Creamy Winter Buzz

Coole Swan

By: Coole Quay Liqueur Company

I Paid: $24.99 for a 750-milliliter bottle (prices may vary by region)

Taste: 5stars


Marketing: 5stars

When did the hue and cry go up for a superpremium cream liqueur? Who demanded an upscale incarnation of Baileys Irish Cream? Probably no one beyond the obscure world of industrial marketing and product development, and—yet—now we are blessed with Coole Swan, a high-end cream cordial that boasts single-malt whiskey from Ireland, vanilla from Madagascar, and cocoa from Côte d’Ivoire. The marketing is stolen straight from the Grey Goose playbook: frosted white bottle, vaguely Euro-icy-bird name, high price. (A similar-sized bottle of Baileys will usually run you $15 to $16.)

Even so, you get what you pay for. Coole Swan is Baileys all grown up: pleasingly sweet but not syrupy, kissed with a cocoa-powder note up front and a mild, lip-smacking vanilla/cream back, with just a hint of whiskey flaring in the background. And it manages to pull off the balancing act of being amiable to the palate yet surprising to the jaded superpremium-booze drinker. This is a beverage that promises an awful lot and manages to deliver, breathing new possibilities into the somewhat grubby cream-liqueur sector of the cordial world.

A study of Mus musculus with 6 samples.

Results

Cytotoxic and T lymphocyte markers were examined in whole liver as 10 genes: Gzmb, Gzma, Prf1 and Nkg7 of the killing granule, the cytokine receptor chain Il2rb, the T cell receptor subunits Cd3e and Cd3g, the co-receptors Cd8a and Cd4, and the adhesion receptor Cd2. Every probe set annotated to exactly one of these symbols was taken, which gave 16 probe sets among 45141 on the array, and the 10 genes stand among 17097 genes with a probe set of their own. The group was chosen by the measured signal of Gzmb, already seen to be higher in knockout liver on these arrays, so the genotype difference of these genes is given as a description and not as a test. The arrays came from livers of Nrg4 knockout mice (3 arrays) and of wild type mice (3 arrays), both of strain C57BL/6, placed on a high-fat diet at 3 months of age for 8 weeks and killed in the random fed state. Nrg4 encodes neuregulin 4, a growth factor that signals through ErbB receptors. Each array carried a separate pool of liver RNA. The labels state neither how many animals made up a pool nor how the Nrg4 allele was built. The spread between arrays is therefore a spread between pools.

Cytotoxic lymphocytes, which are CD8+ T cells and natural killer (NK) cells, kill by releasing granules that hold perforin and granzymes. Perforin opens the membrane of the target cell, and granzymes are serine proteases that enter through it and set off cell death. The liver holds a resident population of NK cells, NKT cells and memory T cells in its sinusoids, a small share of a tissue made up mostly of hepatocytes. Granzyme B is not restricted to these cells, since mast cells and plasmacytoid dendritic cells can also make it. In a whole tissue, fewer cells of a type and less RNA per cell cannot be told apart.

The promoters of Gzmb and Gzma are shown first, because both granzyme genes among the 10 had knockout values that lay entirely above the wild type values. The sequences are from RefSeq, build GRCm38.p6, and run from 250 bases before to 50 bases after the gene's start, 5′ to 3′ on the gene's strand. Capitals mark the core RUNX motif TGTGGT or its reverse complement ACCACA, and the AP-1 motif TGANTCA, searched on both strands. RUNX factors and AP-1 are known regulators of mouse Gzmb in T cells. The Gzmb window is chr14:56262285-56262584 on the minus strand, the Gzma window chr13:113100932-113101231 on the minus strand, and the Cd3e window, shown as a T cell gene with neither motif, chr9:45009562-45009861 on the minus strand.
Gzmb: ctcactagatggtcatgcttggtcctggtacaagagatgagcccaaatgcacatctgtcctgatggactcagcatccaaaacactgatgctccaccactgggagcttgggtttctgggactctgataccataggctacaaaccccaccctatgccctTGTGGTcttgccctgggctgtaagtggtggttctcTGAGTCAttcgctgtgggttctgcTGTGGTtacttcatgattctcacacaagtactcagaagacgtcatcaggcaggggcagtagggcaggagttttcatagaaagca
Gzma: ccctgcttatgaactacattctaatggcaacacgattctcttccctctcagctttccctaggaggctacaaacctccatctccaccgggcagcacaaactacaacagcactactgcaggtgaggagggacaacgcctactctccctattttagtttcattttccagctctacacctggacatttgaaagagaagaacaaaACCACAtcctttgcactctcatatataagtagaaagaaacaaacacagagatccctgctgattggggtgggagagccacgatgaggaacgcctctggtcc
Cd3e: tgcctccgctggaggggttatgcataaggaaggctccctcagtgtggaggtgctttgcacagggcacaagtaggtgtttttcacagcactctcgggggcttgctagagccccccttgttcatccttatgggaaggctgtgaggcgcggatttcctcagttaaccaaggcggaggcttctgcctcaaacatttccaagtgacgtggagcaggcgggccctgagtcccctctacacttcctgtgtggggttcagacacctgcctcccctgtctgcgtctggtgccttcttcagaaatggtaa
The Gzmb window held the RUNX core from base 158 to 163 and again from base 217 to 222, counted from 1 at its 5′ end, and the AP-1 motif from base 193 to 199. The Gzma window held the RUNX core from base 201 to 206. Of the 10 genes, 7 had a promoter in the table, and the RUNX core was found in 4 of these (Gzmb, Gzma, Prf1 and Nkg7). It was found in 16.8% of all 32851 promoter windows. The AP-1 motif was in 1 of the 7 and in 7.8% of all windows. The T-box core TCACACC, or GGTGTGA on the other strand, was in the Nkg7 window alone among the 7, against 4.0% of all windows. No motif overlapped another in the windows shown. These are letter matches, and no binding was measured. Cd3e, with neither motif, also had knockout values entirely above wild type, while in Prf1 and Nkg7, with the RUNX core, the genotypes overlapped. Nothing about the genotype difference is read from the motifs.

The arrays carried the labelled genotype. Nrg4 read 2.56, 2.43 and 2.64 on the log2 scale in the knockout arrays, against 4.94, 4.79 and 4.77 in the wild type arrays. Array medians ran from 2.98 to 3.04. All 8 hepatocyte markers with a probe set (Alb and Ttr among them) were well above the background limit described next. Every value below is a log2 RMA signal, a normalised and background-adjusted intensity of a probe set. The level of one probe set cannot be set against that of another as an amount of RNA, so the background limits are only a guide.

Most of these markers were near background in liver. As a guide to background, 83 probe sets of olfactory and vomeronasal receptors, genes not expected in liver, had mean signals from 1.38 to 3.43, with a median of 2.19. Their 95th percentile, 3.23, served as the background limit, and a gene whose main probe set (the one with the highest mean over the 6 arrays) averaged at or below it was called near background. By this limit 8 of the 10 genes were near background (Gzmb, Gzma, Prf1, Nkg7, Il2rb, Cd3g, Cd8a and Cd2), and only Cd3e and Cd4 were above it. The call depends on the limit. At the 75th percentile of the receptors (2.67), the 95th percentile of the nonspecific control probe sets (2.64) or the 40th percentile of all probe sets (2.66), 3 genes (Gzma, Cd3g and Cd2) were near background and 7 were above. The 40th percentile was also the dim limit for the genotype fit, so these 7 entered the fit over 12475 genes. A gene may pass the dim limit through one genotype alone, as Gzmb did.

Vanille Royale

By: Bacardi Global Brands Limited

I Paid: $17.99 for a 750-milliliter bottle (prices may vary by region)

Taste: 3stars


Marketing: 4stars

Vanille Royale, a French import in the initial stage of its national rollout, is a beverage that is very much in season at the moment. The slow, cozy pace of winter is perfect for cordials like this—sweet, convivial sipping (and cocoa mixing) is what these things are made for. Vanille Royale is a cream liqueur with a French Cognac base, as opposed to the far more familiar whiskey of Baileys Irish Cream.

The initial flavor of the liqueur is a mirror image of Baileys’s, but things become intriguing on the back end. For better or worse, Vanille Royale has a musky, coconutty, buttery, vaguely minty finish that will chase you for a long time after you’ve downed your last shot. This increase in complexity is a good thing if you’re fond of a curve ball in your after-dinner drink, but a certain percentage of your houseguests will be thrown for a loop by the extra dash of flavor. That said, the closing twist is exactly the sort of thing that would make this a clever ingredient in desserts such as chocolate fondue or cheesecake, or even French toast.

James Norton edits the Upper Midwestern food journal Heavy Table. He's also the coauthor of a book on Wisconsin's master cheesemakers. Follow Chowhound on Twitter, and become a fan on Facebook.